Allan Kardec


It is proverbially said: “There is no smoke without fire.” This true proverb is an application of the principle: “There is no effect without a cause.” For the same reason one can say: “There is no fire without a focus.” Now, by facts which pass under our eyes, there is not only smoke produced, but also very real fire which must have a focus. This fire coming from the interior of the Earth, and not from on high, the focus must be within; the fire being permanent, the focus must be equally so.

The heat which is augmented by measure as it penetrates the interior of the Earth, and which at a certain distance from the surface attains a very high temperature; the hot springs, so much warmer according to the depth from which they come. Fires and masses of heated and burning substances, which escape from volcanoes with vast upheavings, or by crevasses produced by earthquakes, can leave no doubt concerning the existence of an interior fire.

16. Experience demonstrates that the temperature has been raised one degree by every thirty yards of depth: whence it follows that at a depth of three hundred yards the augmentation is ten degrees, at three thousand yards, one hundred degrees, a temperature of boiling water; at thirty thousands yards, seven to eight leagues (from twenty-one to twenty-four miles), one thousand degrees; at twenty-five leagues (seventy-five miles), more than thirty-three hundred degrees, a temperature at which no known material can resist fusion. From there to the center there is still a space of more than fourteen hundred leagues (forty-two hundred miles), may be twenty-eight hundred leagues (eighty-four hundred miles), in diameter, which must be occupied by molten substances.

Although this is only a conjecture judging cause by effect, it has all the elements of probability; and one arrives at this conclusion, that the Earth is still an incandescent mass covered with a solid crust of twenty-five or more leagues (seventy-five miles) in thickness, which is scarcely the one hundred and twentieth part of its diameter. Proportionally speaking, it must be much thinner than the thinnest rind of an orange.

For the rest, the thickness of the terrestrial crust is very variable in many places; for there are some countries, especially volcanic territories, where the heat and flexibility of the soil indicate that it is much thinner. The high temperature of hot springs is also an indication of close vicinity to the central fire.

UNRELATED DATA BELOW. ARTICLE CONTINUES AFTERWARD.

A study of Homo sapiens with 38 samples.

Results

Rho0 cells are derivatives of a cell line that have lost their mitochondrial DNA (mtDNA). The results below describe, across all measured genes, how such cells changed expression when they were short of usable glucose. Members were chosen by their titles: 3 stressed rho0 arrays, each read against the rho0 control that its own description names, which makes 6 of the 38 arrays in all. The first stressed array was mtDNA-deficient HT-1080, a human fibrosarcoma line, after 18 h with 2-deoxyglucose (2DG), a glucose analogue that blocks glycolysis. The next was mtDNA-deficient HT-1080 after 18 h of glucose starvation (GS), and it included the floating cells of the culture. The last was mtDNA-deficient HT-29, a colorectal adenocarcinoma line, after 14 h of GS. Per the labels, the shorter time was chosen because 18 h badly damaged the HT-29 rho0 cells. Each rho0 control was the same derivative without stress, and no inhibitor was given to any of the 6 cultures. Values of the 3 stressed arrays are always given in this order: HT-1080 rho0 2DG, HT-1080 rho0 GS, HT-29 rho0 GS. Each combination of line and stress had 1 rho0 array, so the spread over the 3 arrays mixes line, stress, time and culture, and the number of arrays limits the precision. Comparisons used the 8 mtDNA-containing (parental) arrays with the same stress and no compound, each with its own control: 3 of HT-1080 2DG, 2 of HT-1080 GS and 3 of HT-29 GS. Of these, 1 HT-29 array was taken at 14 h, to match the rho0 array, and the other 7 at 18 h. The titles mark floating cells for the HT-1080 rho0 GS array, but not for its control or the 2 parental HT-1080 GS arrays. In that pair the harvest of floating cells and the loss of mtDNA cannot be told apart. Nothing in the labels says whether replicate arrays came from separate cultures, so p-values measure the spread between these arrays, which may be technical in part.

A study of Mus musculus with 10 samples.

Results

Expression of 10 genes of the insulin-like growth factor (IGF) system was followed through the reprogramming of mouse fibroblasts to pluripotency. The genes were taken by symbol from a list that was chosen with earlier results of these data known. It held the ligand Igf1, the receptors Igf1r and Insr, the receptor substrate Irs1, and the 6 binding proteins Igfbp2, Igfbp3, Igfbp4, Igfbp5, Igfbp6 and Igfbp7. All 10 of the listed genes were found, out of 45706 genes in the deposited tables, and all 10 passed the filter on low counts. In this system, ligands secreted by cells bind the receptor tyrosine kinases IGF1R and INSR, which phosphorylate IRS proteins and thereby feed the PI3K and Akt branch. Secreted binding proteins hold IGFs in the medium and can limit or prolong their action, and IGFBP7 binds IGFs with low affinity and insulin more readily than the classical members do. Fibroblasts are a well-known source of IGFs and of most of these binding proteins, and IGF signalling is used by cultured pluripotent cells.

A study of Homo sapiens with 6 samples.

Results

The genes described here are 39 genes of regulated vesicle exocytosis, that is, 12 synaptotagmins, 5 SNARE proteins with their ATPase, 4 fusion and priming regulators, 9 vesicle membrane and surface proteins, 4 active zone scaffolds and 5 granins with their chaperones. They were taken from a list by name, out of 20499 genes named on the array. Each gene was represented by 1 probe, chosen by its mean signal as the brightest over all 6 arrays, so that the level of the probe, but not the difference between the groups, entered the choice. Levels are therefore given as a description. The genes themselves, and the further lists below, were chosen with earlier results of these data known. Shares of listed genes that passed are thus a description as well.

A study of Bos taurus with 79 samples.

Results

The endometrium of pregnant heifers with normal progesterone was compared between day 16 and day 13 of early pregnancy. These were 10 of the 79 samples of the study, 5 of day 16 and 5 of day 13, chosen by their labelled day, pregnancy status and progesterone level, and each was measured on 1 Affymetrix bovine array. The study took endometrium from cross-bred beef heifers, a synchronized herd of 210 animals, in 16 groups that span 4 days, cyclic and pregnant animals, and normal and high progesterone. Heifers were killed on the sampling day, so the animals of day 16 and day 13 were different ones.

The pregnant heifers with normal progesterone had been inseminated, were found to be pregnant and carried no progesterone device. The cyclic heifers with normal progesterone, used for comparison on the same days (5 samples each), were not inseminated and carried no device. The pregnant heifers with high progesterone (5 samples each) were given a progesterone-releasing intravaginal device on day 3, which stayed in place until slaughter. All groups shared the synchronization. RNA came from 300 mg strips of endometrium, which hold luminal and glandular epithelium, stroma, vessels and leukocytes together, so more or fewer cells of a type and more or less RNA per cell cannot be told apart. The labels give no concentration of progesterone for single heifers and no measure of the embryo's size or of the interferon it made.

17. It is then evident that the primitive state of the softness or fluidity of the Earth must have been caused by the action of heat, not by water. The Earth was then originally an incandescent mass. In consequence of the caloric rays, it became liquefied. It has been gradually cooled, and the cooling process has naturally commenced on the surface, which has become hardened, whilst the interior has remained in a fluid state. One can thus compare the Earth to a block of coal coming red from the furnace, the surface cooling by contact with the air, although, if one breaks it, the interior is found to be yet burning.

18. At the epoch when the terrestrial globe was an incandescent mass, it contained not one atom more or less than it does today. Only under the influence of this high temperature, the greater part of the substances composing it, and which we see under the form of liquids and solids, earth, stones, metals, and crystals, were found in a very different state. They have only been submitted to a transformation. In consequence of the cooling process and mixtures, the elements have formed new combinations. The air, considerably inflated, became extended to an immeasurable distance. All the water forcibly reduced to vapor was mingled with the air. All the substances susceptible of volatilization – such as metals, sulphur, carbon – were there found in a gaseous state. The state of the atmosphere was then in no way comparable with its present condition. The density of all these vapors gave it an opacity through which no ray of sunlight could penetrate. If a living being could have existed on Earth at this period, he would have had for light only the sinister brightness of the fires beneath his feet, the burning atmosphere, and not even the existence of the sun would be noticed.